SANTA MARIA — Sen. Abel Maldonado crouched to desk level and, with a mischievous smile, enlisted the help of sixth-grader Michelle Grahame to sweat the governor over the state's looming budget cuts.
The 12-year-old was immersed in her computer animation project, an Earth-like blue sphere hovering behind a curiously grown-up message: "Please don't cut Education."
Maldonado, on a tour of Ralph Dunlap Elementary, persuaded her to tweak it to read: "Please don't cut Education Arnold." He left with a printout he promised to deliver to Gov. Arnold Schwarzenegger, who is hashing over ways to close the state's estimated $2-billion budget gap.
"We're in some challenging times, but I've made a commitment not to cut education," Maldonado, a Republican, told school officials and PTA members after the tour. "We're going to have to get creative."
It was a gentle jab at Schwarzenegger, but Maldonado has crossed the governor and his party leadership before, earning the scorn of conservatives and Republican loyalists. One party official writing on a conservative blog declared that the senator, one of the few Latino Republicans in Sacramento, "is not one of us."
Those same maverick traits, however, have intrigued party moderates who are struggling to make the GOP more appealing to the fastest-growing segments of the California electorate: Latinos and independents.
"I just hope that we can come together as a party in our state," said Maldonado. "Not lose our principles or values but understand that this is a blue state, it is a Democrat state, and we need to come around on some issues to win in California."
Issues such as immigration, he said. Maldonado believes Republicans have committed political suicide by ratcheting up anti-illegal immigrant rhetoric -- alienating Latino voters, who account for an estimated 14% of the California electorate -- and screaming "amnesty!" whenever comprehensive immigration reform is discussed.
"Do they hate Ronald Reagan? Ronald Reagan gave amnesty in 1986 to a lot of foreigners in this country," Maldonado said. The 41-year-old senator said he would crack down on illegal immigrants and secure the border. But he added that the federal immigration system is broken and the country needs a guest worker program to help both immigrants and employers.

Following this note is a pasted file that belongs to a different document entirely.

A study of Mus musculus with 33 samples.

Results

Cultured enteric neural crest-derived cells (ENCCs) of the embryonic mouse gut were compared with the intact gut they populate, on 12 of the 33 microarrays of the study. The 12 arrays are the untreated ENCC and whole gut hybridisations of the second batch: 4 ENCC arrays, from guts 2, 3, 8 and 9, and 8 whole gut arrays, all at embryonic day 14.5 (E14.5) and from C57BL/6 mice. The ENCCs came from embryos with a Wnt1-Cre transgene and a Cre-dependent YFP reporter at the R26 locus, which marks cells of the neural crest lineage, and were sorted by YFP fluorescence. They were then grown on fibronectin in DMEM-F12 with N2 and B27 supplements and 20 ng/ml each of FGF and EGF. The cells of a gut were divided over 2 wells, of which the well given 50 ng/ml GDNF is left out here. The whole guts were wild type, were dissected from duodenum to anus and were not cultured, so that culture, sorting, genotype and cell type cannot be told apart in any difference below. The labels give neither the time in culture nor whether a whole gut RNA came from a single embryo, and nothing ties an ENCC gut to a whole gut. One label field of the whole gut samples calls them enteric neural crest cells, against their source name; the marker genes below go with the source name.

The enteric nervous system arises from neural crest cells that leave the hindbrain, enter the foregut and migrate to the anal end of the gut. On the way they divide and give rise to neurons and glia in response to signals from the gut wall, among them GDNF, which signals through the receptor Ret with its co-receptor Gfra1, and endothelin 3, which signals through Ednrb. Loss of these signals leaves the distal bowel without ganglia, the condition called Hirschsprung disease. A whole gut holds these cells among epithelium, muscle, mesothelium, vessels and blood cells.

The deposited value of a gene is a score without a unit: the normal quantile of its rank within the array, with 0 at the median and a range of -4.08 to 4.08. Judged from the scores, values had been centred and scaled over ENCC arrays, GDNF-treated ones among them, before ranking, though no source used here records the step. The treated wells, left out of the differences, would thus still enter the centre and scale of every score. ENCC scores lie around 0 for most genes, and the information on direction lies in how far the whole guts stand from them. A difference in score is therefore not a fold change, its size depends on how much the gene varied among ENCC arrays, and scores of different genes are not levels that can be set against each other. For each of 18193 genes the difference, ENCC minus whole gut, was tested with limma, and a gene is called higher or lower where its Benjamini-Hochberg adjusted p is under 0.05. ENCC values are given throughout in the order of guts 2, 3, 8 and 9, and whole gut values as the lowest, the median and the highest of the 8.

Maldonado, the son of a migrant farmworker turned multimillion-dollar businessman, had the personal appeal and political guile to win handily in a Democratic district in 2004. He is the only state senator running unopposed this election; however, a write-in campaign organized by Democrats could lead to his being challenged in November.
With his infectious smile and knack for chumming up even the most wary stranger, he exudes a "by golly" charm that even his detractors find hard to dismiss. Underneath that veneer, however, are the hardened memories of a farmworker's son. As a schoolboy, he stood in line for the free lunch program and, he said, was razzed by classmates for having strawberry stains on his pants, a residue from the fields.
He said his experience has given him a richer perspective on the working poor and helps explain why he wasn't fazed by the conservative outcry when he carried the governor's 2006 bill to increase the minimum wage. Republican Assemblyman Tony Strickland attacked Maldonado on the issue when they both ran for state controller in 2006. Maldonado lost the GOP primary and Strickland lost in the general election.
"At the end of the day, I vote for what I believe is right for the people of California, not for my party," Maldonado said. "My father came to America as a bracero. He didn't have a penny in his pocket, but he had values -- values my party has lost: fiscal responsibility, ethics and hard work."
Maldonado lays the blame mostly on Republicans in Washington, who he said have gone on a spending binge. But, he said, the GOP in California has been damaged by the partisan backbiting that consumes Sacramento.
"If you want to run a successful business in California, or in America, there needs to be some compromise," said Maldonado, who runs the financial side of the family farm (his brother serves as president). "The best price for a box of strawberries is the one that gets it on the truck. Because I can ask for $10 all day long, but they're going to rot if I don't sell them."
Maldonado has cut a paradoxical political path through Sacramento, to which the avid pilot commutes in his single-engine Mooney M20E. Business supporters hailed him for backing workers' compensation reform, then castigated him for sponsoring the minimum-wage increase. Conservatives were pleased with his vote against gay marriage but riled by his support for banning .50-caliber rifles.